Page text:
By Dan Hyun
When I talk with pastors, I often hear about the challenge of complainers in their church. We’ve all gotten that depressing post-Sunday email, no matter how well everything else seemed to be going.
When that complaining posture is from a spirit of grumbling, it’s essential to develop inner filtering to counteract unhealthy attitudes in the church.
In other words, a pastor must find a way to guard against the soul-crushing burden that can occur with those who have an uncanny ability to find fault with most things in the church, including the pastor.
Sinful complaining can impact churches and pastors in destructive ways. However, there’s some forms of complaining—or what sounds like complaining—that can be a sign of health.
These kind of complaints may even provide opportunities for growth and redemption. Pastors need wisdom and discernment to recognize these situations rather than immediately rush to dismiss it all as merely haters hating.
Here are three examples:
1. Complaining as an affirmation of mission
I remember after one worship gathering, an agitated woman came up to me to voice some concerns. Her grievance was that some people had come into the service and were making a lot of noise.
They’d been talking during the time of reflective prayer and communion. She wanted me to be aware of the situation since it was hindering her from a meaningful time of intimate connection with the Lord.
I genuinely thanked her for sharing these things but I also let her know I was okay with these people—not necessarily because of their actions, but because they were in worship.
They were rough individuals from our neighborhood who didn’t know the Lord and didn’t know how one is supposed to act in church. Rather than being intentionally disrespectful, they were just taking it all in (and letting others around them share in that experience).
I let the concerned woman know that though we wanted her to powerfully experience God, it was important that our worship service be a place where people could literally come in off the street and be welcomed.
If that was happening as it should, it might even mean each of our own experiences might be affected, but that would be okay because an aspect of corporate gatherings is being reminded that life isn’t just about us.
That was her last time at our church, though it probably didn’t help that she went to others in our church with the same complaint and heard the same things I’d told her.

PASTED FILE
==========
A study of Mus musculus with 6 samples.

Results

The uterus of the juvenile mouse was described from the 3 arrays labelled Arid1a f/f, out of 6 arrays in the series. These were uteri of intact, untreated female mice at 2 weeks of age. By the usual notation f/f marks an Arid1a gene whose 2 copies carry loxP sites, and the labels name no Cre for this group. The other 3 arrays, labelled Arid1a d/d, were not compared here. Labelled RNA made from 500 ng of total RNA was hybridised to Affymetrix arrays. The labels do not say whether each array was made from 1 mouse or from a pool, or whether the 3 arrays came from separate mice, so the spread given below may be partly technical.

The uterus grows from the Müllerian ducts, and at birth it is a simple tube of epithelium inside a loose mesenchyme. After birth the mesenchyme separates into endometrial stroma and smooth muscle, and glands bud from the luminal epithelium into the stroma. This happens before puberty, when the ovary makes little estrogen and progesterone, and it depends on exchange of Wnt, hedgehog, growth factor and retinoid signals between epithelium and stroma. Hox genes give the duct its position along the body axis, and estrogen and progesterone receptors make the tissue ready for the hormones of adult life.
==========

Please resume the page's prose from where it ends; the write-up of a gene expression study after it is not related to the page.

Sometimes when people in the church complain, it’s an affirmation that you’re actually doing what you should be doing. Complaints that there aren’t enough parking spaces means more people are being reached.
Random sounds in the service could mean your desire to love those in disabled communities is happening. A lot of ruckus in the building may be a reflection that your church is making an impact on teens.
It doesn’t mean we shouldn’t address real issues. But don’t automatically be disheartened at complaining that may be a sign that God is moving in your church.
2. Complaining as evidence of pastoral fidelity
Sometimes the angriest complaint a pastor may receive from church members is due to the sermon preached on Sunday.
Whether the complaint deals with your doctrinal view on a matter, a biblically-formed perspective on a hot button social issue, or what’s perceived as a judgmental attack on one’s lifestyle, people can experience all sorts of emotional responses to a sermon or Bible lesson.
Take heart. Though it never feels good to be on the receiving end of these complaints, receive it as confirmation that you may be leading the flock entrusted to your care as you do your best to rightly divide the Word of God and trust in His Spirit.
As faithful pastors, the truth of 2 Timothy 4:3-4 will become an increasing reality in our larger culture but also in our churches. What you consider to be sound doctrine may feel like a gut punch to some people in your church.
Be encouraged that the angry response may be a work of God as those who receive truth wrestle with countercultural ideas. Be gentle and humble as you walk people through these matters.
But as you do so, stand firm in faith believing that God is using His truths to do surgery in people’s lives.
3. Complaining as a corrective work
Some people will say things to us that sound like complaining. However, those words may be God’s corrective love for your church and her pastor.
Be careful not to cast some people off as discontent grumblers who have nothing better to do with their time or who don’t understand the importance of unity in the church.
Some things that are perceived as complaints might be things God is calling the church to heed. This can include people who courageously share their experiences of evil perpetrated against them by those in power, or marginalized populations who find the voice to speak out on wounds that are not recognized in the culture of the church.
In other words, churches and their leaders need to recognize that some things that appear to be complaints are actually a call to repentance.
Some of my greatest growth as a pastor has come from brave people who told me I did something to hurt them. It stings, especially in the moment.
But if I allow the Spirit of God to remind me I’m no longer under condemnation, I can receive these things in a teachable spirit as I humbly allow the Lord to correct His church and me.
Dan Hyun (@villagedanhyun) is the husband to Judie, father of two precious girls, and lead pastor of The Village Church in Baltimore, Maryland.